Author: Miss Pontmercy PM
The ghosts of those past, left behind in June of 1832, never really went away.Rated: Fiction T - English - Hurt/Comfort - Cosette & Marius - Words: 1,060 - Reviews: 7 - Favs: 18 - Follows: 3 - Published: 01-15-11 - Status: Complete - id: 6657091
|A+ A- Full 3/4 1/2 Expand Tighten|
The first time the nightmares came, they scared Cosette. He thrashed in his sleep, waking Cosette suddenly as the mattress moved. His cries made her heart race, and she at first thought he was sick, thought his fever had come back... but no. It was just his mind that was torturing him, not real pain.
"No- n...nn... no..." he moaned in his sleep, the sheets wrapped around his knees, the blankets pushed off him.
"Marius," she whispered, but knew he couldn't hear her. He was tossing his head side to side against the pillows, so violently she was afraid he would hurt his neck. She reached for one of his hands and pinned it to the bed, so he would not accidentally hit her, and then pulled him to her. "Shh... Shh," she whispered. She wrapped her hands behind his head and drew him close to her, pressing him against her chest, his face safe against the hollow of her neck. He sobbed against her, convulsions running through his body, reliving some kind of terror she had never seen. She that felt his cheek was wet, but whether it was from sweat or tears she didn't know. "It's alright," she whispered to him, "It's alright, you're safe with me," until felt him slowly relax. She continued to whisper to him until at last he stilled against her, falling back into a restful sleep.
He had nightmares for months, and she knew he'd been having them since the day he returned from the barricades. She did not know what happened there- oh, she'd heard bits and pieces from him before, yes, but he never sat down and told her what happened. She doubted he ever would, and she did not ask him to. It was too painful for him to relive, and besides, she didn't want to know. She'd heard enough from the words he shouted at night in his sleep, words that burned through her ears and seared her brain, the pain so acute. If it would take away some of his pain to have her understand what he had been through, she would do it in a heartbeat. But his pain could not be shared, and she knew she would never understand.
His best friend's name was Courfeyrac, she knew. He'd mentioned him a few times, lighthearted, but Cosette heard more about him when Marius dreamed. Courfeyrac, and someone named Mabeuf, who he had never mentioned to her when he was awake. Enjolras, Jean Prouvaire, Eponine, Gavroche, Combferre, and more names she would never put faces to. She would never know how they died, or how old they were, but she knew they died too young. They only lived, now, in the nightmares that haunted her husband late at night. Sometimes he cried out for her, but that was very seldom- he seemed to know she was there, and did not need for her to return. She was almost never in his nightmares.
Not that she needed to be, for she heard every one of them.
Once, they'd been walking down the street when a group of young men raced by them, yelling. Their voices were coarse with passion, low and acting like they knew everything, but Cosette could see they were still young. Hardly any older than she was. She shook, watching the fire in their eyes as they ran past. They carried guns, and soon other young men, just common civilians from the street, had gone racing after them, their yells joining the other men. Cosette stared after them, but understanding, but wanting to know and wanting to watch in the sick way one bothers a hangnail. But Marius put his arm around her and directed her away, telling her that they were going home. He ushered her into a fiacre very quickly, and paid the man extra to take a long, different way home that used none of the main streets. He assured her they were safe, that everything was fine.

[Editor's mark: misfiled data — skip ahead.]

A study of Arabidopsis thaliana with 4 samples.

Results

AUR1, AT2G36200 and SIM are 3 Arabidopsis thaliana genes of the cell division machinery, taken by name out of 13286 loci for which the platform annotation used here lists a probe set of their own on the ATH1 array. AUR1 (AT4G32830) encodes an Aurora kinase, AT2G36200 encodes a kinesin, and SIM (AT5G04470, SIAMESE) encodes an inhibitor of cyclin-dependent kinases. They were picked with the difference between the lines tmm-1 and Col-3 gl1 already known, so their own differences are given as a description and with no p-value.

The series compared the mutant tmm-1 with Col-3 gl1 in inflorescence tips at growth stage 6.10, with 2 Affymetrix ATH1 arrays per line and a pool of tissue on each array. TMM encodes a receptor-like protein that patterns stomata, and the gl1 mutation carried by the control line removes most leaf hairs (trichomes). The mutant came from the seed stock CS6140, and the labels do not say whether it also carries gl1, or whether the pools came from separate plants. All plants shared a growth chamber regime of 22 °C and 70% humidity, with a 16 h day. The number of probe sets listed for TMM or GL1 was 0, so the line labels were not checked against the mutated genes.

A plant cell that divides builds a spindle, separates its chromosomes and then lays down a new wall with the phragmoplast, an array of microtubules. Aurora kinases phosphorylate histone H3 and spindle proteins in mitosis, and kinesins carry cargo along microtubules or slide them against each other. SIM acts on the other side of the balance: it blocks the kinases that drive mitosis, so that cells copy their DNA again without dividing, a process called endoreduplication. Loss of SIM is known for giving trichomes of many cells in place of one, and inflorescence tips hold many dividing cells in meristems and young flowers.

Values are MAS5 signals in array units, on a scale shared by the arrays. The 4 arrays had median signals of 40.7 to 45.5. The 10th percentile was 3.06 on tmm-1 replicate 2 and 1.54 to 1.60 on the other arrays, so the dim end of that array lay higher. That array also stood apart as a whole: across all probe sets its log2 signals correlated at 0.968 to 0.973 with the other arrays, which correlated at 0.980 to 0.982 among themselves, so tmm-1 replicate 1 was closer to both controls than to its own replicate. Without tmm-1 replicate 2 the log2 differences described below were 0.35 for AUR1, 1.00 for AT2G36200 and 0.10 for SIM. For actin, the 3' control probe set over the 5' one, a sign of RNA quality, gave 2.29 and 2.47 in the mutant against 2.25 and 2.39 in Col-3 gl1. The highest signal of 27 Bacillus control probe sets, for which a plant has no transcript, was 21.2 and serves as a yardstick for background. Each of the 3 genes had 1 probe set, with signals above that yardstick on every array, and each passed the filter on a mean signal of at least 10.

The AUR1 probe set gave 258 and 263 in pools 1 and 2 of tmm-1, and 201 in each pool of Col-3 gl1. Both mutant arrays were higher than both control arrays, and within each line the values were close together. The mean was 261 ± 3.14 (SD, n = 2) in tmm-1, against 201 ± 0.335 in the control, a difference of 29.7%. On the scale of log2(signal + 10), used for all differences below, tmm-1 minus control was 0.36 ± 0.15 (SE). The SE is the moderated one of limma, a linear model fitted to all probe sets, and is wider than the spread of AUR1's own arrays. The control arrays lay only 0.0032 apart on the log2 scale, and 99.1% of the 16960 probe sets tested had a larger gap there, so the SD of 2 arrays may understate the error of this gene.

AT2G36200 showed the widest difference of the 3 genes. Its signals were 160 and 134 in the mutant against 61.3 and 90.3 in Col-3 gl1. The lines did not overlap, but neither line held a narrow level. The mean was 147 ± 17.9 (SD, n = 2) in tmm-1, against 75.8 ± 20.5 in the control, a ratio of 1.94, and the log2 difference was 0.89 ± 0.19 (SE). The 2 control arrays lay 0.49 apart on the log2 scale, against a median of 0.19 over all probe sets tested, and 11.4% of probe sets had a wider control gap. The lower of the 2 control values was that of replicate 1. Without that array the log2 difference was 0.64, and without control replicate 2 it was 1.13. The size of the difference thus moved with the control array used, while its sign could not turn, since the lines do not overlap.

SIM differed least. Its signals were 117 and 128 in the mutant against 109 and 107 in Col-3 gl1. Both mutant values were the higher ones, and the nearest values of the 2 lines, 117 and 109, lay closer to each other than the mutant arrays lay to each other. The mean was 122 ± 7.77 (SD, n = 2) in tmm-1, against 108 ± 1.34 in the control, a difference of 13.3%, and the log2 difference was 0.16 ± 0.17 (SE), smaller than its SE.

But that night, sitting in the parlor, she heard shots and screams. Her hands quived, and she glanced at her husband. He stared out the window, one hand steadily holding the curtains back, watching the street outside their house. It was empty, but one could hear the fighting from far away. His eyes had no fear in them- they were resigned, thoughtful and sad. That night his nightmares had been worse than ever. They woke Cosette from her own- she saw the boys, then saw them, young and fresh-faced, lying in pools of blood. She jerked awake, sweating and panting in fear, only to see Marius once again thrashing beside her. He never woke from his sleep whens he comforted him- the best she could do was soothe him into a dreamless sleep, for he was such a heavy sleeper that her words did not rouse him out of his hell. But that night, she felt even sicker when she watched his face, contorted with pain, for she knew he was seeing the same imagines she'd just woken from. Only for him, those boys had been his friends- and the images were real, ones he had really seen. She shivered, her own tears falling on his cheeks and mixing with his as she held him.
The next morning, the fighting had been so insignificant it had barely made the papers, or so Marius said. She didn't check.
Now, it was over a year since he'd been to the fighting. But, in the middle of the night- and who knew what time anyway? After a certain hour, the night seems endless and confusing and dark- she lay on her back, one arm around his shoulders, one hand running through his hair, feeling him shake in her arms. She pressed her lips to his forehead whens he felt tense against her, feeling another wave of horror wash through him. And, until they both fell asleep, she whispered his name and rocked them both back and forth.
He would hate to know that this happened every night. The shame would be unbearable to him. But she never minded. During the day, he protected her and made her happy and cared for her. At night, it was her job to protect him.